At Sirius, we believe that a successful investment strategy starts with a solid foundation. Sirius bases its investment program on index funds. Returns on Index funds are intended to mirror their benchmark index and help mitigate the risk of a specific security that does not perform as expected. These are all good reasons why index-based investing has grown in popularity over the years. We believe this investment style provides a solid footing for our funds.

Then we take index-based investing a few steps further. Sirius uses a proprietary rating system, called the Sirius Rating System, in its portfolio management decision-making process. The system generates a rating every market day using multiple points of measurement and helps Sirius identify opportunities in the market for investment decisions. This strategy lets Sirius invest in multiple types of markets, using leverage when indicated, allowing capital to pursue returns more aggressively.

Sirius believes that the combination of a solid foundation, developed investment plan, and rating system provide a quality investment strategy, which is why we call our investors serious investors. It’s time to get serious about your investment plan.

Open an account today
Take a look the Sirius Point Fund

What is index investing?

Index-based funds mirror a particular index, such as the S&P 500. The funds invest in the securities that make up the associated index, or a portion of the securities based on specific characteristics. What index funds offer investors is the ability to participate in the market in a general way while reducing risk through diversification. Index funds generally have lower costs than actively managed funds and are often more tax-efficient.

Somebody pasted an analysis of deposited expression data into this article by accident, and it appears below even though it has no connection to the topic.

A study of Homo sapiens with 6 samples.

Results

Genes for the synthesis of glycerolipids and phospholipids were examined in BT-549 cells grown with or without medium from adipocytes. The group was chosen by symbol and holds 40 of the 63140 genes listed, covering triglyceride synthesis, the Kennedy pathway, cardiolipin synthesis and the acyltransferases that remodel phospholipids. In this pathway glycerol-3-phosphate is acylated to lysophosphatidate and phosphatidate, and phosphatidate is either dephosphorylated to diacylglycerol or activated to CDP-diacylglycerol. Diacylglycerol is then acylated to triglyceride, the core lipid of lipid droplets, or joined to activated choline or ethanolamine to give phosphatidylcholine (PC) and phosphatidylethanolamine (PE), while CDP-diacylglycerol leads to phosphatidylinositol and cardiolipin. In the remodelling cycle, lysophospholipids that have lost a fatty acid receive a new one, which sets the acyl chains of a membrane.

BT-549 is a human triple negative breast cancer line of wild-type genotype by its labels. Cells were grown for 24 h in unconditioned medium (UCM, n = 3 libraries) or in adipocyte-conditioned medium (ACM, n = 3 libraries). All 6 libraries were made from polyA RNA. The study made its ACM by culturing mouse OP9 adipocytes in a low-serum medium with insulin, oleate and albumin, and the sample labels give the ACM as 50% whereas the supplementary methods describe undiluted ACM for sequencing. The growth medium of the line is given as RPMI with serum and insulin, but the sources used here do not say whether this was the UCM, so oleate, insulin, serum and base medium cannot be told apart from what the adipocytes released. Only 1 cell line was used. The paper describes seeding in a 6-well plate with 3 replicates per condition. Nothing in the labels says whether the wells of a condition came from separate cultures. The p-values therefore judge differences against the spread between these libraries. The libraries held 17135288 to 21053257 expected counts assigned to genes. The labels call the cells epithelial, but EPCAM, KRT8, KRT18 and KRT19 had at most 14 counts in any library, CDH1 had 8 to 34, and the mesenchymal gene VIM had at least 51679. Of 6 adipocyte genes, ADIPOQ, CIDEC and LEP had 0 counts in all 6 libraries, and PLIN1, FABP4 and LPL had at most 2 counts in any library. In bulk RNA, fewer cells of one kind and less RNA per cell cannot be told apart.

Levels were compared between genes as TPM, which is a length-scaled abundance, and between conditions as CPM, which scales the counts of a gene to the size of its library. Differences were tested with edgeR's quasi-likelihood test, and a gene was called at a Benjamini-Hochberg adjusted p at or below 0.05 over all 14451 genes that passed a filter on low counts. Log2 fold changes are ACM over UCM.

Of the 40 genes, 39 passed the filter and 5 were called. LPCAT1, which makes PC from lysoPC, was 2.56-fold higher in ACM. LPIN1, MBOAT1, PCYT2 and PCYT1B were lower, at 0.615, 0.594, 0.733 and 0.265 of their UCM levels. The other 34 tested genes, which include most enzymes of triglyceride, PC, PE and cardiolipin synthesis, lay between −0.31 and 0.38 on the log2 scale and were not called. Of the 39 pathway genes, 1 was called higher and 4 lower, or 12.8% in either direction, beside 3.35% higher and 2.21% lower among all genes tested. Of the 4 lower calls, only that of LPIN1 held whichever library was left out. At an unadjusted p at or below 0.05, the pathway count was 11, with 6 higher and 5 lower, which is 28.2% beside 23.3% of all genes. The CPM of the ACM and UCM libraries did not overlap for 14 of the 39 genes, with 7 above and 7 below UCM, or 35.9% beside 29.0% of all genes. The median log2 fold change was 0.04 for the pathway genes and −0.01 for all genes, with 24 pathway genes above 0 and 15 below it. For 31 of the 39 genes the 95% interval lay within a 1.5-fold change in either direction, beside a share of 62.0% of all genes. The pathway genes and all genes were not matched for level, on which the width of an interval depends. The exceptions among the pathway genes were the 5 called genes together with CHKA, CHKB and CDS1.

What is a fund-of-funds?

A fund-of-funds invests in other funds, such as ETFs or mutual funds, instead of individual securities. This structure, also known as “asset-allocation funds”, allows for a combination of strategies within the fund. For example, a fund of funds may concentrate in a specific capitalization size, or in another quality such as growth or value. Through this method, the use of asset-allocation can allow the index-based investing program to be more aggressive in pursuit of returns.

Sirius Investment Philosophy

At Sirius, we believe that a successful investment strategy starts with a solid foundation. Sirius bases its investment program on index funds. Returns on Index funds are intended to mirror their benchmark index and help mitigate the risk of a specific security that does not perform as expected. These are all good reasons why index-based investing has grown in popularity over the years. We believe this investment style provides a solid footing for our funds.

Then we take index-based investing a few steps further. Sirius uses a proprietary rating system, called the Sirius Rating System, in its portfolio management decision-making process. The system generates a rating every market day using multiple points of measurement and helps Sirius identify opportunities in the market for investment decisions. This strategy lets Sirius invest in multiple types of markets, using leverage when indicated, allowing capital to pursue returns more aggressively.

Sirius believes that the combination of a solid foundation, developed investment plan, and rating system provide a quality investment strategy, which is why we call our investors serious investors. It’s time to get serious about your investment plan.

Open an account today
Take a look the Sirius Point Fund


What is index investing?

Index-based funds mirror a particular index, such as the S&P 500. The funds invest in the securities that make up the associated index, or a portion of the securities based on specific characteristics. What index funds offer investors is the ability to participate in the market in a general way while reducing risk through diversification. Index funds generally have lower costs than actively managed funds and are often more tax-efficient.

What is a fund-of-funds?

A fund-of-funds invests in other funds, such as ETFs or mutual funds, instead of individual securities. This structure, also known as “asset-allocation funds”, allows for a combination of strategies within the fund. For example, a fund of funds may concentrate in a specific capitalization size, or in another quality such as growth or value. Through this method, the use of asset-allocation can allow the index-based investing program to be more aggressive in pursuit of returns.